Guillain-Barré-Strohl Syndrome


Peer reviewed by: Blake Briggs, MD

Check out our podcast on this subject- “Episode 65: Guillain-Barre- How Dr. Strohl got forgotten”

Objectives: To understand this rare, acute polyneuropathy, and in particular the clinical indices of deterioration that indicate requirement for ventilatory support.

What is it?  Guillain-Barré syndrome is the historical name for a heterogeneous series of acute immune mediated demyelinating polyneuropathies, which most frequently present as an acute illness following some infectious episode.

Progressive, ascending symmetrical muscle weakness beginning in the legs, absence or depressed deep tendon reflexes, and a paucity of sensory findings, are the hallmarks of the condition. Bladder dysfunction is unusual at presentation.

It is the most common cause of acute flaccid paralysis in children in the post-polio era.

Causes:  An immune response to a preceding infection, due to cellular mimicry.

Campylobacter jejuni is the most commonly associated pathogen in the U.S., and might be associated with a worse prognosis.  Influenza, CMV, HIV, Zika and EBV are also common culprit organisms. About 60% of cases of GBS will have a history of recent URI or GI infection.


Presentation:  Symptoms typically begin with symmetrical muscle weakness in the legs and progress proximally, but arms, face and bulbar symptoms also occur.  Differing presentations give rise to different syndromes.  See below.

Severity varies from mild difficulty with ambulation to complete paralysis.

Patients present within a few days to 2 weeks after onset. 90% of cases are at their maximum within four weeks.

Paresthesias occur frequently in extremities, but sensory abnormalities on clinical exam are absent or mild.

Back pain secondary to nerve root inflammation can be a presenting feature.

Facial nerve palsies are variable, and can be bilateral. Oropharyngeal and oculomotor weakness occur in 15-50% of cases.

Dysautonomias are common, bradycardia, tachycardia, diarrhea/constipation, SIADH, hyponatremia, and a reversible cardiomyopathy.

Perhaps most importantly, progressive respiratory muscle weakness requiring ventilatory support is present in 10–30%.

What presenting features make a diagnosis of GBS UNLIKELY?

Back pain with bowel or bladder dysfunction at onset

Fever (If fever present at onset, think transverse myelitis; especially in HIV or post infectious patients)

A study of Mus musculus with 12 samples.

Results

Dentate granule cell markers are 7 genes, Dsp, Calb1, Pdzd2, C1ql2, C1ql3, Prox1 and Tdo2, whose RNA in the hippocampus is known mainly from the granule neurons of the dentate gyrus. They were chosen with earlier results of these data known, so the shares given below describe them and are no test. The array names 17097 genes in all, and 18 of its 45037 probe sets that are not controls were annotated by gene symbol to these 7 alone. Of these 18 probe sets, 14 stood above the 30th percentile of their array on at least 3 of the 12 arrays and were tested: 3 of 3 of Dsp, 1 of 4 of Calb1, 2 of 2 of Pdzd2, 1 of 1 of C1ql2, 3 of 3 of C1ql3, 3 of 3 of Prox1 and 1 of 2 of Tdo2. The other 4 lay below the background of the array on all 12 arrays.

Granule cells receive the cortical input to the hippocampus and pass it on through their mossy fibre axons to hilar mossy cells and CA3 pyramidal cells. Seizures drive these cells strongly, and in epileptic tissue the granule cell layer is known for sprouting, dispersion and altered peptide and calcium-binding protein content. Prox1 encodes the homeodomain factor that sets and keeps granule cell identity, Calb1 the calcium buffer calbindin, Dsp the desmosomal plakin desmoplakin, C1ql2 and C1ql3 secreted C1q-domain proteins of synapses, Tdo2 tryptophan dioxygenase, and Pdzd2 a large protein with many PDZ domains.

Any significant loss of sensation

Marked asymmetry of muscle weakness


Primarily clinical

Imaging rarely helpful, although MRI, if you can get one, may show enhancement of spinal nerve roots, thecal sac and potentially brain changes.

CSF protein is elevated, especially after one week.

CSF WBC is usually normal, although a mild pleocytosis, can occur.

This combination of elevated protein and normal CSF WBC is known as albuminocytologic dissociation.

Electrodiagnostic nerve conduction studies and EMG are useful both for diagnosis and prognosis, and for differentiating the main variants of GBS. These are not available in the emergency department.

The above criteria are diagnostic of classical GBS, the most common form in the U.S., earning the moniker Acute Inflammatory Demyelnating Polyradiculoneuropathy, AIDP.

But… up to 20 variations of GBS have been described (what?!). The most likely to be met on board exams is Miller Fisher Syndrome, (MFS) which typically displays muscle weakness and areflexia in the upper extremities, along with ophthalmoplegia and ataxia. This is an insanely rare condition and therefore limited reports on optimal management.


Let’s set the record straight- no therapy will reverse the disease process.

Potentially severe autonomic/hemodynamic dysfunction mandates ICU admission with close monitoring until the disease severity is established and/or nadir has been passed.

Patients may require vasopressor and inotropic support if there is severe dysautonomia.

Plasma Exchange or IVIG will speed recovery. There is no added value in using both. These will be performed in the ICU, not the ED.

Up to 30% will develop respiratory failure requiring ventilator support.

The Numbers:

Forced Vital Capacity < 20 mL/Kg

Negative Inspiratory Force, (NIF), < 30 cmH2O

Maximum Expiratory Pressure < 40 cmH2O.

These indicate impending respiratory failure and are indications for intubation.

Caution: succinylcholine is contraindicated during intubation. The reason is muscle denervation results in up-regulation of acetylcholine receptors at neuromuscular junctions. The membrane is therefore super sensitive to succinylcholine, leading to hyperkalemia and potentially life-threatening arrhythmias.

CLINICAL features that are concerning for respiratory failure:

Bulbar dysfunction, swallowing difficulties are ominous clinical signs of impending respiratory failure.

Inability lift head

Rapid onset of disease (i.e., < 7 days from onset to admission/nadir)

Inability to cough or stand

Vital capacity < 60% of predicted

Severe muscle weakness

Elevated LFT’s


Gabapentin and carbamazepine are primary agents as pain is neuropathic

Use opioids with care in the setting of autonomic dysfunction

Epidural morphine may be useful.

Prognosis is spotty. Only about 60% of patients regain full neurological function in one year. Yikes.